Rare Book & Manuscript Library Acquires Archive of The Clearing House Association
Founded in 1853, as The New York Clearing House Association, The Clearing House originally functioned as the central bank for banks in the U.S. before the Federal Reserve was formed, facilitating exchanges, setting monetary policy, issuing a form of currency, and storing vaults of gold to back settlements.
“In 1853, 38 prominent New York banks established The New York Clearing House Association to simplify (and economize on) their local check clearing and settlement business,” said David Weiman, Alena Wels Hirschorn '58 Professor of Economics at Barnard College. “Only four years later the institution assumed central bank-like functions in responding to a panic that swept across the New York banking sector.”
“Both The Clearing House and Columbia University have storied histories in New York and the U.S., so this partnership makes perfect sense,” said Jim Aramanda, Chief Executive Officer of The Clearing House. “The Clearing House’s rich history has played an important role as it has evolved and innovated to meet the ever-changing challenges of the banking and payments industry. Having this new home for our records at Columbia will help ensure we continue to learn from our past experiences as we work to foster safety, security, and efficiency in the industry.”
“For over 160 years, The Clearing House has been at the center of banking in the U.S.,” said Paul Saltzman, President of The Clearing House Association. “We are proud to be working with one of the nation's finest research institutions to ensure our historical records continue to live on. This collection will inform and enhance public understanding of our nation's financial history, and we appreciate the opportunity to partner with Columbia to ensure these important records are available to scholars and the public for generations to come.”
The Clearing House currently represents 23 of the largest U.S. commercial banks. During its history The Clearing House has helped the commercial banking industry evolve from exchanges of gold, to paper, to electronic clearing.
“By the turn of the 20th century, The Clearing House Association had effectively become a ‘national’ clearing house and the functional precursor to the Federal Reserve System,” added Weiman. “Indeed the formation of the Fed nationalized many of the vital central-bank functions of the Clearing House Association. The rich information in these archives provides a unique lens into the world of ‘private’ central banking.”
The New York Clearing House Association records cover the years 1853 to 1984. “The New York Clearing House Association records can provide researchers with an insider's view of American business during some of its most hectic years,” said Thai Jones, Herbert H. Lehman Curator for American History at RBML. “At the RBML these materials are a valuable complement to holdings that are already strong in collections related to commerce and finance, the history of capitalism, and New York City mercantile institutions.”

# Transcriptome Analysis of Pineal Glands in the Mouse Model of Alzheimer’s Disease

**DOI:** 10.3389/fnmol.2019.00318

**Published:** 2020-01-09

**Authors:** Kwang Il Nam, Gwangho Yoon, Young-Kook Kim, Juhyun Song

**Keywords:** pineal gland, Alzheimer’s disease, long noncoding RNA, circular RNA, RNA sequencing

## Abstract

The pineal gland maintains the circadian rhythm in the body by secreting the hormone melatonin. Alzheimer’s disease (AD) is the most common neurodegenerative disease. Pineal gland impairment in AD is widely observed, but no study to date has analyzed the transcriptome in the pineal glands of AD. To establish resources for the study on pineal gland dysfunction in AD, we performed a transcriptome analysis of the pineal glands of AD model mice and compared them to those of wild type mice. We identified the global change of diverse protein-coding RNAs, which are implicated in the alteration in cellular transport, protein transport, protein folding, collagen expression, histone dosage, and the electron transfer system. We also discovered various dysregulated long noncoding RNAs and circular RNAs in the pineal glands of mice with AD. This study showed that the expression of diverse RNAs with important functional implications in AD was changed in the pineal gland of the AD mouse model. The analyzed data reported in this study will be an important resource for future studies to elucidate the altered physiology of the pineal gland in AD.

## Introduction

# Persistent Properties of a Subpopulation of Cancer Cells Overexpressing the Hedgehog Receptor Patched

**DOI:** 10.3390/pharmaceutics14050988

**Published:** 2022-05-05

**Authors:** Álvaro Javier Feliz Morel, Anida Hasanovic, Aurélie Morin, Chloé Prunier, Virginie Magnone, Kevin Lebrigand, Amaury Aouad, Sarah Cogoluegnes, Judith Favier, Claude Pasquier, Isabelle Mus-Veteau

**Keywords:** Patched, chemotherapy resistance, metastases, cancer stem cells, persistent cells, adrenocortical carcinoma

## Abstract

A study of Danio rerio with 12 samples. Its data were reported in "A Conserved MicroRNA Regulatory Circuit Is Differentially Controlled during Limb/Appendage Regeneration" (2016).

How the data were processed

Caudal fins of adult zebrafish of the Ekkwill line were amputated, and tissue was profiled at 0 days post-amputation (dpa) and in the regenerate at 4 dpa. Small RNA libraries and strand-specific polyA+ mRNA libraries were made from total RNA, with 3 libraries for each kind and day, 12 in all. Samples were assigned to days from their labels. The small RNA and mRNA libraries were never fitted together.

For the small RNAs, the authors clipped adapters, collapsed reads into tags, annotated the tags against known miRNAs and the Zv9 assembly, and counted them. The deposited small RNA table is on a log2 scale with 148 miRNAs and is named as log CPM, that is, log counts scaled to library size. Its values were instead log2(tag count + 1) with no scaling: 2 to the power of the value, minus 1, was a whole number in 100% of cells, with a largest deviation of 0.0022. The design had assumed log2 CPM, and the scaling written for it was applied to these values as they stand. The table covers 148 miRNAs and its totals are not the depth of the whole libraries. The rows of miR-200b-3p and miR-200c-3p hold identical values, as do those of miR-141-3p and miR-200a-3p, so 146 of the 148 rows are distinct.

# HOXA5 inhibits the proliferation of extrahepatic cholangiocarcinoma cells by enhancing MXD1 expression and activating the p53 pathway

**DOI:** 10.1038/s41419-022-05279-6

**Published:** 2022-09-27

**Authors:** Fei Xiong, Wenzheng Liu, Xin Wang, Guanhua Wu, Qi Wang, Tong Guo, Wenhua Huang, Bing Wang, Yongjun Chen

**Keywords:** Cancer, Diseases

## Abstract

The Clearing House. Established in 1853, The Clearing House is the oldest banking association and payments company in the United States. It is owned by the world’s largest commercial banks, which hold more than half of all U.S. deposits. The Clearing House Association L.L.C. is a nonpartisan advocacy organization representing—through regulatory comment letters, amicus briefs and white papers—the interests of its owner banks on a variety of important banking issues. Its affiliate, The Clearing House Payments Company L.L.C., provides payment, clearing and settlement services to its member banks and other financial institutions, clearing almost $2 trillion daily, which represents nearly half of the automated clearing-house, funds transfer, and check-image payments made in the United States. See The Clearing House’s web page at www.theclearinghouse.org.
Columbia University Libraries is one of the top five academic research library systems in North America. The collections include over 13 million volumes, over 160,000 journals and serials, as well as extensive electronic resources, manuscripts, rare books, microforms, maps, and graphic and audio-visual materials. The Libraries employs more than 400 professional and support staff and hosts over 4.7 million visitors each year. The website of the Libraries is the gateway to its services and resources: library.columbia.edu.